Globe Staff / October 7, 2011


When a company is so closely identified with its chief executive, that leader’s death could potentially be catastrophic for the business. Jobs, though, knew for seven years that he was struggling with life-threatening pancreatic cancer, and used the time to plan for Apple’s future.

“One of his great legacies will have been to always build a great, sustainable company,’’ said Harvard Business School professor of management practice Robert S. Kaplan.

But for Apple to thrive without Jobs, it must adopt a more open, less hierarchical management style, said James Post, a professor at the Boston University School of Management. Post criticized the notorious Jobs penchant for secrecy, which for years kept investors largely in the dark about the Apple chief executive’s health and the company’s succession plans. The Apple board of directors should have challenged Jobs’s actions, but rarely did, according to Post.

“There was really pretty poor corporate governance,’’ he said. “There was a board that was dominated pretty much by him.’’

Jobs isn’t the first legendary corporate leader to leave behind nagging doubts about his successors. Similar questions arose after the deaths of McDonald’s Corp. founder Ray Kroc, Wal-Mart Stores Inc. founder Sam Walton, and other executives that seemed inseparable from the businesses they led. Some of those companies, like Wal-Mart and McDonald’s, continued to thrive beyond the tenure of their famous leaders, while others faltered.

Apple has already experienced life without Jobs. Kicked out of Apple in 1985, Jobs was recruited back to save the company in 1997. Not only did Jobs return, but his rescue turned him from goat to hero. It was then that he began the winning streak of iconic products that transformed Apple into a $350 billion consumer electronics behemoth.

At the coffee chain Starbucks Corp. , founder Howard Schultz retired as chief executive in 2000, but came back in 2008 after the company stumbled. He did lead a successful revival of the business, although not quite on the same scale as Jobs at Apple.

One example of a business leader who planned well for his 1988 departure was Wal-Mart’s Walton, according to BU’s Post. “He had a trusted person who followed him as CEO, and they had systems in place, and they were able to continue the Wal-Mart juggernaut,’’ Post said.

Consider the difference between McDonald’s continued success after Kroc’s death in 1984, and the fortunes of rival fast-food chain Wendy’s International Inc., which faded after the 2002 death of Dave Thomas, the charismatic founder who often appeared in the company’s TV commercials. “They never really got back on track’’ after Thomas’s death,’’said Post. “That left a huge void in the company, and that’s the kind of void we’re likely to see at Apple.’’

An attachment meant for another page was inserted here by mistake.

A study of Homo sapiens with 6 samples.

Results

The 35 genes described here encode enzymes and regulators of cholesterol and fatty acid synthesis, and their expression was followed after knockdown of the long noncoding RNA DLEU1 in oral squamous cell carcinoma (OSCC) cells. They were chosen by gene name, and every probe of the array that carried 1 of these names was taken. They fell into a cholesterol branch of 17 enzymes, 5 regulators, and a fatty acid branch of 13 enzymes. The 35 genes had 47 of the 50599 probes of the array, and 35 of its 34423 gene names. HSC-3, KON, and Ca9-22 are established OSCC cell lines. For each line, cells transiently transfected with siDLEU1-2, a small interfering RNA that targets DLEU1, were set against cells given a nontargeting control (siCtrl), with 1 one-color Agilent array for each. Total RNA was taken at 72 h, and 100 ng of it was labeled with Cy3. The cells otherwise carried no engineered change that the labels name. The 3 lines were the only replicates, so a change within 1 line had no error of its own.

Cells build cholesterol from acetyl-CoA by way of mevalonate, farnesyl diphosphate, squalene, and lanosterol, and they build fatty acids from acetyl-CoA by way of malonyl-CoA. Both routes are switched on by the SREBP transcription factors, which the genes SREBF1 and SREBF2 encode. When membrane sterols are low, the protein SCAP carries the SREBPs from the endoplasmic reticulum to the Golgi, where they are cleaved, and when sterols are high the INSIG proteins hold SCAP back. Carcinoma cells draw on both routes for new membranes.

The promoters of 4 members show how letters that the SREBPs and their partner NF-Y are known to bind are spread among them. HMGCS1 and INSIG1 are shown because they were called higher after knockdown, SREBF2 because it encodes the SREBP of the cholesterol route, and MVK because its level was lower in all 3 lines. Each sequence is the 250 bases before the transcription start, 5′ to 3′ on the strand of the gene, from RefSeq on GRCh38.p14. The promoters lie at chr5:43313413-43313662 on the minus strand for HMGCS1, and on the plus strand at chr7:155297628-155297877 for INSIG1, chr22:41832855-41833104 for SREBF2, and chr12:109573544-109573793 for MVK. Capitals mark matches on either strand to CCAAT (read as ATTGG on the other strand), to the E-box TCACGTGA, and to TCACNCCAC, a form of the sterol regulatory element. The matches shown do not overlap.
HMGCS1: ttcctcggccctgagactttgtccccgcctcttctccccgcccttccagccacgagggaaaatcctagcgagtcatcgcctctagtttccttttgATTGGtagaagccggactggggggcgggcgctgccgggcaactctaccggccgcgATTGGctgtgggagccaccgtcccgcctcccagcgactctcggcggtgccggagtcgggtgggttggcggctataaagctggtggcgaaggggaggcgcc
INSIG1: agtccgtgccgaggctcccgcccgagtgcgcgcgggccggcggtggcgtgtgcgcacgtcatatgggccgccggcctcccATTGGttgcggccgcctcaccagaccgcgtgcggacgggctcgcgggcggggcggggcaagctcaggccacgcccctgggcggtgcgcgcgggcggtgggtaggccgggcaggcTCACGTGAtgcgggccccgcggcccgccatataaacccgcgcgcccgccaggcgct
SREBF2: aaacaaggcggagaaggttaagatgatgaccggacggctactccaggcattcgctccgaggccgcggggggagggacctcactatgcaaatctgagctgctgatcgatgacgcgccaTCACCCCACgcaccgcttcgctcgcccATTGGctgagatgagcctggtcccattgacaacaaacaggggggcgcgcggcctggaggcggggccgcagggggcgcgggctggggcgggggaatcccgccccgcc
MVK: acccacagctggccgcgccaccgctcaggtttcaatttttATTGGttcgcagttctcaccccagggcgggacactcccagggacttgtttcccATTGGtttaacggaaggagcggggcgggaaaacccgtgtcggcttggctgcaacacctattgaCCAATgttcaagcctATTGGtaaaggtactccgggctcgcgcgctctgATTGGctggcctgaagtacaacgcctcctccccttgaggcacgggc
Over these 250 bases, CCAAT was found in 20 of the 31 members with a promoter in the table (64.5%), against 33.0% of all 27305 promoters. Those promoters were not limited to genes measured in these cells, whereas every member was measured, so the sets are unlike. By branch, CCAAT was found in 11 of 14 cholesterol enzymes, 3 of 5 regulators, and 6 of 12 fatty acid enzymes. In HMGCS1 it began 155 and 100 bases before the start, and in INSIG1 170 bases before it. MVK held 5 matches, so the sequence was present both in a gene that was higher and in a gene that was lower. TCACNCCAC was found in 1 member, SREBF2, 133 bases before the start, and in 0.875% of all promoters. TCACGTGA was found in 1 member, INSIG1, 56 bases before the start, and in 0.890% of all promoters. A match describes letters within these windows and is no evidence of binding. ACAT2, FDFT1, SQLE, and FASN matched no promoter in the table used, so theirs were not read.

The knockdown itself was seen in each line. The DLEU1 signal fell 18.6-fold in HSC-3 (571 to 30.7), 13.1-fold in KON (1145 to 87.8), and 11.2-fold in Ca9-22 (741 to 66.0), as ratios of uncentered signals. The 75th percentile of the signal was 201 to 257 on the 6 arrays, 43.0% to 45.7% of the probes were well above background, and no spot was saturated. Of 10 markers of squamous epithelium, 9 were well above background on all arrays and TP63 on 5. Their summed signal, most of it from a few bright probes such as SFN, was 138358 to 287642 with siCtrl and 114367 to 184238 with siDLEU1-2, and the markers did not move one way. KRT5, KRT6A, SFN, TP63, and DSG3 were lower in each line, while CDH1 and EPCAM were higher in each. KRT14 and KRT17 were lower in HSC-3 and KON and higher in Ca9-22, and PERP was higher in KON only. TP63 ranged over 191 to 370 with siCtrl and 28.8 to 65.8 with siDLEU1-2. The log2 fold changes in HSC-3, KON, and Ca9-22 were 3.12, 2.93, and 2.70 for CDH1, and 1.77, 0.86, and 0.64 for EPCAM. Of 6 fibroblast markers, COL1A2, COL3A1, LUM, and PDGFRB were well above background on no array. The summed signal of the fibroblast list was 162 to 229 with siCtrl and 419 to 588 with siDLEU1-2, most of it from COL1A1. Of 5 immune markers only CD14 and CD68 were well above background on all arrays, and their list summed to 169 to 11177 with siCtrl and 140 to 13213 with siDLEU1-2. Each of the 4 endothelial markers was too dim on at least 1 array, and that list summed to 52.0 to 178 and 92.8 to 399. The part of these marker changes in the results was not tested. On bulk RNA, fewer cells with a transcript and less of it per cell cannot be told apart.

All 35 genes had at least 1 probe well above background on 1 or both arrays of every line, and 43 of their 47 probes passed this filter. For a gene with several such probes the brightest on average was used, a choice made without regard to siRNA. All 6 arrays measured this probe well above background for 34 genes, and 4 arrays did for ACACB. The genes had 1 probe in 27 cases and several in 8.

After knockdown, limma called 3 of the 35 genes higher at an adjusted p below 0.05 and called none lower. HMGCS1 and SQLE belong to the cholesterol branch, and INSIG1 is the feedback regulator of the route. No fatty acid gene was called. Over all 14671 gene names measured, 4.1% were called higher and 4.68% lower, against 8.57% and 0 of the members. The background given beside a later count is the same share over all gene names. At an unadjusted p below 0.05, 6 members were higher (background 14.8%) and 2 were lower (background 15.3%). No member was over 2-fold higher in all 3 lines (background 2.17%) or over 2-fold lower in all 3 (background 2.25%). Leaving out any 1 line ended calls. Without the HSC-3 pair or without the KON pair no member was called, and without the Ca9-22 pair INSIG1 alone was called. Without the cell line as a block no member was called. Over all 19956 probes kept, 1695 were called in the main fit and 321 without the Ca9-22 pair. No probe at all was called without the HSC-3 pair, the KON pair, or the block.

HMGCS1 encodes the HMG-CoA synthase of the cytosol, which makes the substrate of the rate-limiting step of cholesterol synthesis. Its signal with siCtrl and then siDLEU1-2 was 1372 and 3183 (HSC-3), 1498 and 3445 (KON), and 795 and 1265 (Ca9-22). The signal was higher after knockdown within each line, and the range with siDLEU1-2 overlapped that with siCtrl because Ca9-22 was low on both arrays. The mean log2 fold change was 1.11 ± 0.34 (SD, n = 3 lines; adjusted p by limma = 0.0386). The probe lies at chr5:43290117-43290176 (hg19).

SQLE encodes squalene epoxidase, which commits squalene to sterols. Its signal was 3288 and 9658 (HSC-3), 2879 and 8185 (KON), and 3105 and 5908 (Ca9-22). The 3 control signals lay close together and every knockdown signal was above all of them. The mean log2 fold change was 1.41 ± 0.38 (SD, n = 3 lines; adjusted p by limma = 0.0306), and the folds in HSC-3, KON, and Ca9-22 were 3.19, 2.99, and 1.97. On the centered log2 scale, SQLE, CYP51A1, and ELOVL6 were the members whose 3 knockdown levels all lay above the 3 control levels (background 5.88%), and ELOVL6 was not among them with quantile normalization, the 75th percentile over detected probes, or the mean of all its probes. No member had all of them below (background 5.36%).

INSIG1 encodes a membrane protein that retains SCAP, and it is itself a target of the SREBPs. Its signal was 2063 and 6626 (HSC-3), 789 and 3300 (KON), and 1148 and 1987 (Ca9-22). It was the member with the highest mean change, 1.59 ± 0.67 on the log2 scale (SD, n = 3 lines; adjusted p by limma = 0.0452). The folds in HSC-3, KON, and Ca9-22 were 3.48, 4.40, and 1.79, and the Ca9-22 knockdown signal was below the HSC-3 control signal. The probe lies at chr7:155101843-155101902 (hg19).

Harvard’s Kaplan was far more optimistic about the prospects for Apple, citing the way Jobs carefully groomed executive Tim Cook, who joined the company 13 years ago, to be his successor. Cook filled in for Jobs when the latter took leaves of absence to address his health problems, and took the chief executive position when Jobs stepped down in August.

During Tuesday’s unveiling of Apple’s new iPhone 4S smartphone, Kaplan noted, Cook shared the stage with several of the executives who will now lead Apple, including Scott Forstall, who oversees Apple’s mobile software development, Eddy Cue, senior vice president of Internet software and services, and Boston College graduate Phil Schiller, vice president of worldwide product marketing.

Kaplan said that was a subtle message to the world that Apple has a deep pool of talent capable of carrying on without its charismatic cofounder. In a sign of market confidence in the company’s prospects, Apple shares lost only 88 cents yesterday to close at $377.37 on the Nasdaq Stock Market.

The 1985 ouster of Jobs from Apple, engineered by then-chief executive John Sculley, taught Jobs the crucial importance of promoting leaders from within, said Kaplan. Jobs himself had recruited Sculley from soft drink maker PepsiCo Inc. Later, “he realized that’s a very risky thing to do,’’ Kaplan said.

After his return to Apple, Jobs took pains to promote and groom talented veteran staffers who were steeped in the company’s traditions. “I’m impressed with Apple’s products and with Steve Jobs,’’ Kaplan said, “but as a leadership professor, I’ve been particularly impressed by how they develop talent.’’

The succession plans of other high-profile corporate chieftains may draw more scrutiny from investors in the wake of Jobs’s death.

Warren Buffett, chairman of conglomerate Berkshire Hathaway Inc. , long said that he would continue to work until he is incapacitated or dead. Now 81, Buffett says that a plan is in place to replace him.

Last month, Buffett named hedge fund manager Ted Weschler to help manage the company’s investment portfolio.

Weschler joins Todd Combs, another hedge fund manager who was assigned similar duties last year.

Both men are considered prime candidates to succeed Buffett.

“He may the oldest CEO in this country,’’ Kaplan said of Buffett. “If you have the luxury of being a CEO at that age, you need to be clear to people. And he’s done that, and he’s done it well.’’

Jobs brought as much focus to the unglamorous and difficult problem of succession as he did to the design of the iPhone or iPad, according to Kaplan.

“This is something that great companies worry about and great CEOs worry about,’’ he said, “for good reason.’’

Hiawatha Bray can be reached at bray@globe.com.